We have another entry for the category: What doesn’t kill you at the PTAB makes you stronger. This is a big, nine-figure example.
A Kirkland & Ellis team won a $125 million verdict last week, plus an immediate restraining order against the sale of accused products, in a four-year-old dispute over 3D rooftop imaging.
Eagle View Technologies and Xactware compete to provide aerial-view, 3D models of roofs to help insurance adjusters estimate the costs of repairs. Long before the parties went to trial last month in New Jersey federal court, Xactware filed some 13 IPR petitions targeting the Eagle View patents. The PTAB declined to institute proceedings in nine. Of the four that did go to trial, most ended in wins for Eagle View, though the PTAB withheld judgment on some challenged claims, as was its practice pre-SAS Institute.
So when trial rolled around last month, Eagle View, Kirkland and local counsel Walsh Pizzi O’Reilly Falanga argued that Xactware could not use any of the prior art already raised in those proceedings to attack validity. “Having chosen the PTAB as their forum for validity challenges, Defendants simply do not get two bites at the invalidity apple,” they argued in court papers.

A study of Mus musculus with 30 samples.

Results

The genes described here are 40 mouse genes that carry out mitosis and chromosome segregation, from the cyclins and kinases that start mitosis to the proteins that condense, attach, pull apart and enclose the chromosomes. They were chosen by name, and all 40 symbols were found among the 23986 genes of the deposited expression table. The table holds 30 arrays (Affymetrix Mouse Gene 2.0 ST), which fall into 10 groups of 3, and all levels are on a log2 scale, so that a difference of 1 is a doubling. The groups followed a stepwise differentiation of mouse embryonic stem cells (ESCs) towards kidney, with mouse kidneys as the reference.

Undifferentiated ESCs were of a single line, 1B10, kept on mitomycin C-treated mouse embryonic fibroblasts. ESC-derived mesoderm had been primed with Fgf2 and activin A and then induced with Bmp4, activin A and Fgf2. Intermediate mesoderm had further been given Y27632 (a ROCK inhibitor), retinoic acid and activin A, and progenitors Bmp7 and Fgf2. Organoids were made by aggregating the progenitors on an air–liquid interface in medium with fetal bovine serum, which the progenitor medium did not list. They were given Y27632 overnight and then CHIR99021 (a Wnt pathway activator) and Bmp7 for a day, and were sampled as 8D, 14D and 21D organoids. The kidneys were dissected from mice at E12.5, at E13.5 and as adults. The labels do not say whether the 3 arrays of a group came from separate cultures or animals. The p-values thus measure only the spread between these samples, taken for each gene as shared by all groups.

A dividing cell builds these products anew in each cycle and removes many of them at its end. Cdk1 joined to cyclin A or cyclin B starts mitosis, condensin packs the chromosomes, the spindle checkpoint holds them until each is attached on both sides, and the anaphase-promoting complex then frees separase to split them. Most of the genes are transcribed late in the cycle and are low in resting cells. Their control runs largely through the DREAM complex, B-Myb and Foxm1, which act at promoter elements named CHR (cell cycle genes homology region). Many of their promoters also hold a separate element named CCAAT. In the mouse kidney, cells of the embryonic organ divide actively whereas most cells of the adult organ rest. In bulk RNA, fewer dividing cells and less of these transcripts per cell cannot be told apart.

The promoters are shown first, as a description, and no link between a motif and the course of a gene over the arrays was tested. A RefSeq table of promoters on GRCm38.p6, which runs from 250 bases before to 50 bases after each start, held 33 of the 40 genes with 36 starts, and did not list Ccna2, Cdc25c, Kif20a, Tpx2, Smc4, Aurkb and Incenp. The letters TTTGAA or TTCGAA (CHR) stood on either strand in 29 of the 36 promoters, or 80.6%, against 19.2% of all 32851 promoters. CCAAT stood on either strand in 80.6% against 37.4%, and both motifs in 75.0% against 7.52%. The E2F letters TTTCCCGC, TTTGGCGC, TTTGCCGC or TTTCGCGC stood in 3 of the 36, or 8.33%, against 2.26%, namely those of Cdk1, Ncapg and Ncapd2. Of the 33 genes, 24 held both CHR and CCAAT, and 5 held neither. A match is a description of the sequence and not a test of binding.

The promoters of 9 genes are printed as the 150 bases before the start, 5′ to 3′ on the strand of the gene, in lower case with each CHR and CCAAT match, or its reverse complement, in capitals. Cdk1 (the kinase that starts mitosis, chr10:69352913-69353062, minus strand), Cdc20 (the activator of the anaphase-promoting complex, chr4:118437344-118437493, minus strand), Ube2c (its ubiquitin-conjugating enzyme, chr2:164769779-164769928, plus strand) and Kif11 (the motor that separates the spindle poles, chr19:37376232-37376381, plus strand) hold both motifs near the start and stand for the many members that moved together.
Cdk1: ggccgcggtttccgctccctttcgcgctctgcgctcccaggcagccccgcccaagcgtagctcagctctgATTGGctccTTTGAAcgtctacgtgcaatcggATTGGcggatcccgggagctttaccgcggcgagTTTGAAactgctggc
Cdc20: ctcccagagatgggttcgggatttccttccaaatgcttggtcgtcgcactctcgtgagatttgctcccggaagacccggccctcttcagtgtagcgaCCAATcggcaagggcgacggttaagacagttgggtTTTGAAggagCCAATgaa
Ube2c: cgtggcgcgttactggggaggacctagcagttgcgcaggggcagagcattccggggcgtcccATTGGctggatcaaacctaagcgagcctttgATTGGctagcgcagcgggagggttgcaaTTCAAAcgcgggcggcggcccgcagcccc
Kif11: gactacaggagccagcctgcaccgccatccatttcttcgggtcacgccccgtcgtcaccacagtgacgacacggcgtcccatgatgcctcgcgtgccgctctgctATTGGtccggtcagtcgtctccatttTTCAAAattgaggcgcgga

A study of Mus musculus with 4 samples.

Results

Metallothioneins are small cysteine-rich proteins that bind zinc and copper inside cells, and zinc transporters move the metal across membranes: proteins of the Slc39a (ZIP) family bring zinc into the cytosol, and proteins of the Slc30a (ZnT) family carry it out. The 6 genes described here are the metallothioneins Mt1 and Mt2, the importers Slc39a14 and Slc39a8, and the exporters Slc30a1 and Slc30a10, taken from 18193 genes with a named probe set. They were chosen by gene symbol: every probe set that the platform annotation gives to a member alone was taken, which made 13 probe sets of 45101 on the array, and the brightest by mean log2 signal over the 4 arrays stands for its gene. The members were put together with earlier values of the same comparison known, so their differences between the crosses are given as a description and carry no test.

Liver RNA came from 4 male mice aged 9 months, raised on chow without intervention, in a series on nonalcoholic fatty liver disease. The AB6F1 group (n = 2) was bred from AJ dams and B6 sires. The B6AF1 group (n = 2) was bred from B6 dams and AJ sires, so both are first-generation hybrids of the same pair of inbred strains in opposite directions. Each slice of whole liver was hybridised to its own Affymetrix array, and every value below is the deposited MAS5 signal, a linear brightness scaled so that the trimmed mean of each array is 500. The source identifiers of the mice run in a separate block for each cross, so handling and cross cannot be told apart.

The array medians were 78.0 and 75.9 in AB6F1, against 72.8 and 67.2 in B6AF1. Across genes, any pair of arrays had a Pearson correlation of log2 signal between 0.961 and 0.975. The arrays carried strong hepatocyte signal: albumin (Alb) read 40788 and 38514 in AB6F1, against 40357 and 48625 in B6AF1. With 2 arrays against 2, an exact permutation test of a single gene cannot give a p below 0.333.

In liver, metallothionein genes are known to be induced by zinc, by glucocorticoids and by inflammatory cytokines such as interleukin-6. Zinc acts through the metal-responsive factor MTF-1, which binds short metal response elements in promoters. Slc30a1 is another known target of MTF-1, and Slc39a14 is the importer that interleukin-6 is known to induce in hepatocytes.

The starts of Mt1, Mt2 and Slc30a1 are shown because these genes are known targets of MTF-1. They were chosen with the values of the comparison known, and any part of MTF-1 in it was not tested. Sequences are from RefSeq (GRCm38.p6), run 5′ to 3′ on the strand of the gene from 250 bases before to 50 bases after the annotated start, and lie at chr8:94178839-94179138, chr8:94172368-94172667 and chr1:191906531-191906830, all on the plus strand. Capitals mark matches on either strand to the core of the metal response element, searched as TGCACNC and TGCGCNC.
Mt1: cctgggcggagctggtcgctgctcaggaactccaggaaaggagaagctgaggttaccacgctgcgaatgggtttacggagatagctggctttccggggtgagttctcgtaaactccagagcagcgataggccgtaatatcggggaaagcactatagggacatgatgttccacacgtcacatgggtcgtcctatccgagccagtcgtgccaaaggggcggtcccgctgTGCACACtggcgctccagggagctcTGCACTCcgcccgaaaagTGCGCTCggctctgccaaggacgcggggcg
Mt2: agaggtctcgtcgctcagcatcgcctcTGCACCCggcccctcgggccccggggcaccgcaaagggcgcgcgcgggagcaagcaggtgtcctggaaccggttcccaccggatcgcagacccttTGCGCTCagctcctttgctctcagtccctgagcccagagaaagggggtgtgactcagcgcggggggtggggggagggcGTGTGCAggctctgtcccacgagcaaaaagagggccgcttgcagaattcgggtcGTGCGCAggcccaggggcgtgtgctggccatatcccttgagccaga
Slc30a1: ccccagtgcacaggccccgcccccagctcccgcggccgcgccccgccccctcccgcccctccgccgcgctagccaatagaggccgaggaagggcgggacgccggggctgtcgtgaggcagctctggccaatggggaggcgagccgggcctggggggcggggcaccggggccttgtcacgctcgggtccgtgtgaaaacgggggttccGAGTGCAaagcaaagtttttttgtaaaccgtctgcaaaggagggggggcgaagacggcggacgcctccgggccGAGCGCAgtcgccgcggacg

Xactware, which was represented by McCarter & English, argued that under a 2016 Federal Circuit ruling, the AIA’s statutory estoppel doesn’t apply to claims in an IPR that the PTAB never ruled on. Eagle View and Kirkland argued that after the Supreme Court’s SAS decision, Xactware had been free to go back to the PTAB and request rulings on those claims but didn’t.
U.S. District Judge Renee Marie Bumb took a middle path. She ruled that Xactware could raise the grounds that the PTAB left hanging, but that Eagle View would be allowed to cross examine about the PTAB history.
“Defendants’ validity expert testified on direct for hours arguing that the patents are invalid, but did not mention the IPRs (which confirmed the opposite),” the Kirkland attorneys said via email. “We revealed what really happened on cross-examination.”
In the end the jury rejected all of Xactware’s invalidity arguments, raised before the PTAB or not.
Jurors also found Xactware and its parent, Verisk, to have infringed willfully, which opens the door to possible enhanced damages. And the day after the verdict issued, Bumb issued a restraining order after Eagle View argued it should not have to wait for a permanent injunction.
Kirkland’s trial team featured partners Adam Alper, Mike De Vries, Gianni Cutri, Brandon Brown and Kristina Hendricks and Walsh Pizzi partner Hector Ruiz.